Which DNA testing company should you use? Do different companies give different results? Short answer: Yes. Here are 3 ways your DNA test results may vary.
While doing a Q&A for Legacy Family Tree webinars recently, I got this great question:
Does doing DNA through different companies produce different results? – Chris
That’s a great question. At first glance, you’d think that the DNA testing experience across different companies would provide pretty similar results. After all, you’re giving them the same DNA, right?
Same DNA, true, but your DNA test results will vary in 3 big ways.
Before I explain how, let me just clarify: if you’re asking about which test TYPE to take (autosomal, YDNA or mtDNA), that’s a different question. Explore these different test types here.
Now, let’s talk about the 3 ways your results from different DNA testing companies will vary. These are important factors to consider when you ask,
“Which DNA Testing Company Should I Use?”
1. DNA Ethnicity Results Vary
Many people are excited to receive their ethnicity results—meaning, a breakdown of the places around the world where their ancestors once lived.
DNA ethnicity results are becoming more accurate and more precise. As the pool of global testers grows, so does information about what constitutes Welsh DNA, for example, or the number of subregions into which the testing companies may break down West Asia.
That said, each testing company reports somewhat different geographic regions. The larger issue, though, is that ancestral ethnicity is a hugely complex thing to tease out of your DNA. It’s so complex, in fact, that your own DNA ethnicity results could vary even from the same company if you test more than once.
2. DNA Matches: Cousin Connections
For many people, the most important component of DNA test results is the DNA match list. This list is generated by comparing your DNA test with that of everyone else who tests at the same site (and agrees to participate in the matching experience). Those who share a significant amount of DNA with you end up on your list. Most of the time (there are exceptions), this means you’re related to them.
It stands to reason that your DNA match list will vary based on which testing company you use. Different people test at different companies. This matters if you’re looking for something—or someone—specific, such as a birth relative or other descendants who share your unknown great-grandfather.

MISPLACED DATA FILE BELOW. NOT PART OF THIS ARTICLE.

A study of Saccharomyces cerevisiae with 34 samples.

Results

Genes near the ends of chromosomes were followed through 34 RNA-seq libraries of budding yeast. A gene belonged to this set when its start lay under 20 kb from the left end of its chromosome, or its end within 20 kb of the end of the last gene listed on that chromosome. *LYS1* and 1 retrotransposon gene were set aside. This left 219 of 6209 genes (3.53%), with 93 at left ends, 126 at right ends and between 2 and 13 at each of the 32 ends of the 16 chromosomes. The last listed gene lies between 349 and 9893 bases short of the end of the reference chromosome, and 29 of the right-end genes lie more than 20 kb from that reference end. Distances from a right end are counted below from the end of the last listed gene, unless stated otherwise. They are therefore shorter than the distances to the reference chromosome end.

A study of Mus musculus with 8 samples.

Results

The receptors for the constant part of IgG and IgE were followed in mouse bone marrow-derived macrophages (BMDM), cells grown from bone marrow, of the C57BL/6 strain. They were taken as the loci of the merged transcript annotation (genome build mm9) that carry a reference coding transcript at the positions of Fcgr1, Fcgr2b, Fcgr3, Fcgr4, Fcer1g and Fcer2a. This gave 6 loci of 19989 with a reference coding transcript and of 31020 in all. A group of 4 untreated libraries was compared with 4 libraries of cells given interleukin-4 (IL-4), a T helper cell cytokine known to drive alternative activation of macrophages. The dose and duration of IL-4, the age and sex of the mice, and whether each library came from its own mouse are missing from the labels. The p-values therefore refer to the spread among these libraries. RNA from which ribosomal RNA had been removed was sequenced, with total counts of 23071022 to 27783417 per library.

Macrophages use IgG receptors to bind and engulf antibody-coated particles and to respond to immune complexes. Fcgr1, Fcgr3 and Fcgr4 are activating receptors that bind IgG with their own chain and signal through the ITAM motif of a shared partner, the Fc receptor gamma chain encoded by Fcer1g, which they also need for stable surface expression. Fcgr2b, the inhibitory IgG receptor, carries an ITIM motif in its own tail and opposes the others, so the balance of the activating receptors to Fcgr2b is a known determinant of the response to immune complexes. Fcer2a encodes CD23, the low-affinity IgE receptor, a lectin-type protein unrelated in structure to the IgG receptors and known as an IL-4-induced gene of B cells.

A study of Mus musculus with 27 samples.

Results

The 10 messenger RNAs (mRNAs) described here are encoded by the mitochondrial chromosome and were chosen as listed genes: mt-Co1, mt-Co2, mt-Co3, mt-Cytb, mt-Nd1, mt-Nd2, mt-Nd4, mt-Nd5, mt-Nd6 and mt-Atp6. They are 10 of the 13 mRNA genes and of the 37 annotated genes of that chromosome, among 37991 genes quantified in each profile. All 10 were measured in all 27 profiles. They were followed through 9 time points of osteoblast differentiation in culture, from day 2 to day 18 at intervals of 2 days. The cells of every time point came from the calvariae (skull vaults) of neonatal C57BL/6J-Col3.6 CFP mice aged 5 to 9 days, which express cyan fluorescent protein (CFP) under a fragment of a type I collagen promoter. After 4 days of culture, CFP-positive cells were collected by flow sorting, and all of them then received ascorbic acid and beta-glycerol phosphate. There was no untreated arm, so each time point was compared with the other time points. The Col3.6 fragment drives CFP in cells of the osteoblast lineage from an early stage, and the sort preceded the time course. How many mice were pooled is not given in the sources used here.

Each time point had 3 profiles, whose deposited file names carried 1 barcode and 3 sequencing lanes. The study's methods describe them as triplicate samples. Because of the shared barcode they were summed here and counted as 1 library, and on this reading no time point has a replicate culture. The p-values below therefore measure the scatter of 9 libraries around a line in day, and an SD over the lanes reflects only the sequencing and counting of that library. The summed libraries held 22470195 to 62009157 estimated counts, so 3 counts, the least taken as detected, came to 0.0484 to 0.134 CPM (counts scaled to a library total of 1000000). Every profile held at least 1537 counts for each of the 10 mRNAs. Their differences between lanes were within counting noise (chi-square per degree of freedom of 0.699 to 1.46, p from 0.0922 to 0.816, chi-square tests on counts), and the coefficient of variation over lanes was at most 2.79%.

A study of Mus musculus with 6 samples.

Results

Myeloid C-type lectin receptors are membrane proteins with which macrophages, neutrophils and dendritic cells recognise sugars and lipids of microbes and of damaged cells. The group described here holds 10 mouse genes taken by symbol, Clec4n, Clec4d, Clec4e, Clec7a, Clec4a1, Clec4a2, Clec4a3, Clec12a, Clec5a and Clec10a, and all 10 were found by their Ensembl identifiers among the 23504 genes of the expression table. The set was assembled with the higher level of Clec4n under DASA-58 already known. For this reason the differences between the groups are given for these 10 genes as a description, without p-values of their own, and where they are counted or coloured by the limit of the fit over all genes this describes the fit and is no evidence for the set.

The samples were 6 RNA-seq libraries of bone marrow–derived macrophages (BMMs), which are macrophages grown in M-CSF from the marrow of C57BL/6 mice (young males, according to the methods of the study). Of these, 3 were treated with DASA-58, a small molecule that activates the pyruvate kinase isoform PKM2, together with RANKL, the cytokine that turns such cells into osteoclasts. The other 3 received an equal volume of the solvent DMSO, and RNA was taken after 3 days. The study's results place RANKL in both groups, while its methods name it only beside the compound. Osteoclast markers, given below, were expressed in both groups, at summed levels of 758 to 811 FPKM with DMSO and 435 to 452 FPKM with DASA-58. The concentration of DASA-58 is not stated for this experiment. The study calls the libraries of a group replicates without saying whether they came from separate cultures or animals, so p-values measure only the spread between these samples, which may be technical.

Starting with the largest testing pools gives you the best odds of finding the matches you want. At this writing, the companies where people have taken the most tests are AncestryDNA and 23andMe. But those huge numbers don’t matter if the relative you’re looking for tested only at one of the other companies. Many people, after testing one place, will retest or transfer their test results to another company so they can see a new list of matches (and get another take on their ethnicity results, too).
3. DNA testing tools
Each testing company has special features and tools that can help you learn more from your DNA. The trick is that you may not know which of those tools or features you may need until you get further into the testing experience.
All the major testing companies provide ways to help you determine how you may be related to your DNA matches. A super important feature is the Shared Matches tool (or In Common With, at Family Tree DNA), which helps you cluster matches into common descendancy groups—further helping you determine how you’re all related). Three companies have tools that (with varying degrees of accuracy) automate some of the work of figuring out how you are related to your matches, such as AncestryDNA’s ThruLines, MyHeritage’s Theory of Family Relativity and 23andMe’s Family Tree.
There’s so much more we could tell you but we don’t want to overwhelm you if you’re just getting started!
What you need next: our Autosomal DNA Testing quick reference guide! This inexpensive purchase can save you TONS of money by helping you purchase the right test—and then use it effectively. It’s got an exclusive side-by-side comparison table of the 5 major testing companies. It answers key questions, like what DNA testing can (and can’t) tell you, and choices for controlling your privacy.